Risk & Uncertainty In Hydrocarbon Exploration
Searching for oil and gas is a risky business. Before you make a discovery the range of possible outcomes is pretty big, and the biggest issue is whether you’ll actually find any at all. If and when you do, there’s still a lot of uncertainty over how much you’ve really discovered.
As time goes by, you maybe drill more wells, get more data, decide how the field may best be developed. In theory, the uncertainty decreases. Often it does not, and the complexity of the sub-surface – rarely a straightforward environment – starts to impact how your field behaves.
Like I said, searching for oil and gas is a risky business, and the terms “risk” and “uncertainty” are part of every explorer’s vocabulary. How best to manage them?
First off, you have to decide what you mean by the two terms. Of course, much intellectual horsepower has been expended on doing – or trying to do – exactly this, because there is nothing new in either risk or uncertainty. But let’s not overcomplicate it…
One useful definition of risk is that it is the chance of failure, where failure is drilling a dry hole leading to no oil or gas – or none that can be recovered from the reservoir and delivered up the wellbore to the surface, at any rate.
If you do find some, uncertainty is a description of what you are not sure of in terms of the volumes you’ve discovered down there, the volumes you can recover and sell up here, and the difficulty you may or may not have in recovering them. (You probably won’t have too much problem in selling oil, but if you’ve got gas it might be a bit harder because you need a market, and you’ve got to get the gas to that market – gas is somewhat harder to transport than oil.)
But oil is a business, and oil and gas companies need to make money. So you will note a few obvious points:
1. It’s not enough just to discover oil or gas. You got to discover enough of it to make a commercial project, to pay for all the wells and production facilities, and all the ongoing costs of production. So, risk includes not only the geological issues (such as ‘has oil been generated? Is there a nice trap it can sit in? Rock to store and release it into the wellbore?’) but also commercial issues such as outgoing costs and product prices. And wells are not cheap to drill – you will need to spend quite lot of money just to answer the question, ‘is there a commercial quantity of hydrocarbon?’ So, risk also includes penalty – the cost of failure.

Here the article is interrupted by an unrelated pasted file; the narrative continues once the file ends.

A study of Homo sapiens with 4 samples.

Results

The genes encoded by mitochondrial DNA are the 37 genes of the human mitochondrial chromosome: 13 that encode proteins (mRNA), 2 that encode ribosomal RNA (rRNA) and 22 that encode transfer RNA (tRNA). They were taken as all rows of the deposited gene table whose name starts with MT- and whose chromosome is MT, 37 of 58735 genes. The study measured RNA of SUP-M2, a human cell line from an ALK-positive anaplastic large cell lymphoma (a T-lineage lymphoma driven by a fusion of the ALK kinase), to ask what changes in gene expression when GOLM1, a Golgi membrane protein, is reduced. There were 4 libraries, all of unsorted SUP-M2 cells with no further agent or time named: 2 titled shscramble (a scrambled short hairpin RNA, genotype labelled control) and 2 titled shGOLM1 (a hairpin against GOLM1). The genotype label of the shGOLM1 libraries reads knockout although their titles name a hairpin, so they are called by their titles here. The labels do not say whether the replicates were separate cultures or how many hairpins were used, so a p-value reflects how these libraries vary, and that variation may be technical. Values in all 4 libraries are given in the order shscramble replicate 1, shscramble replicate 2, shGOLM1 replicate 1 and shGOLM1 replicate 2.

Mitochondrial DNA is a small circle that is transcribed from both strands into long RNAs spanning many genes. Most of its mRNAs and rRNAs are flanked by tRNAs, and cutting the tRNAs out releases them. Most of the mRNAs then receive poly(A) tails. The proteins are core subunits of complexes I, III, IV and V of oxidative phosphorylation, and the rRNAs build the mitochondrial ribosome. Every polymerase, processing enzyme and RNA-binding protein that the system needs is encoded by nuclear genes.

2. Commercial issues also impact the uncertainty. In most cases (but not all, by any means) the uncertainty is due to the fact that the volume estimates are based on imprecise – often very murky – geological data. Oil companies faced with a difficult development decision often choose to get more of it: a new well to see if they can resolve the big issues, more surveys, yet another expert study. They sometimes do this just to delay making the big decision, without regard to the value of the information they are paying good money to get.
But even if they’ve done a pretty good job of working out the amount that’s in the reservoir (the geological question) they still have to work out how much they can get out, which is engineering. Any engineer will tell you that if you spend more money you can get more out, and more quickly. More wells to produce it, more water injected to keep the pressures up, more interventions (like fraccing shale gas wells) to increase the production and drain more of the reservoir. But all of these come at a cost, and are subject to the laws of diminishing returns. How far do you go? It’s a question of money.
In short it’s not that simple, and it’s definitely multi-disciplinary. Geophysics, geology, petrophysics, reservoir engineering, production engineering, economics, business strategy – they are all involved.
So, if you want to want to mitigate the effects of risk and uncertainty the first requirement is to make sure all these people are involved. Maybe not all at once and all together, but definitely all of them at some point, and some of them at all points. Peer group reviews are common in the industry, but not universal, and often restricted in disciplines. They really work when properly run.
The second requirement is technical honesty. Everyone knows that bias affects everything we do, and one extremely common bias is to skew the interpretation of data towards a desired outcome.
But nature is uncompromising, and if you start to try to mould it to your hopes you are in deep trouble – it won’t play along. You have to make every effort to avoid fooling yourself; and another advantage of peer group sessions is that it allows others to note and correct your bias.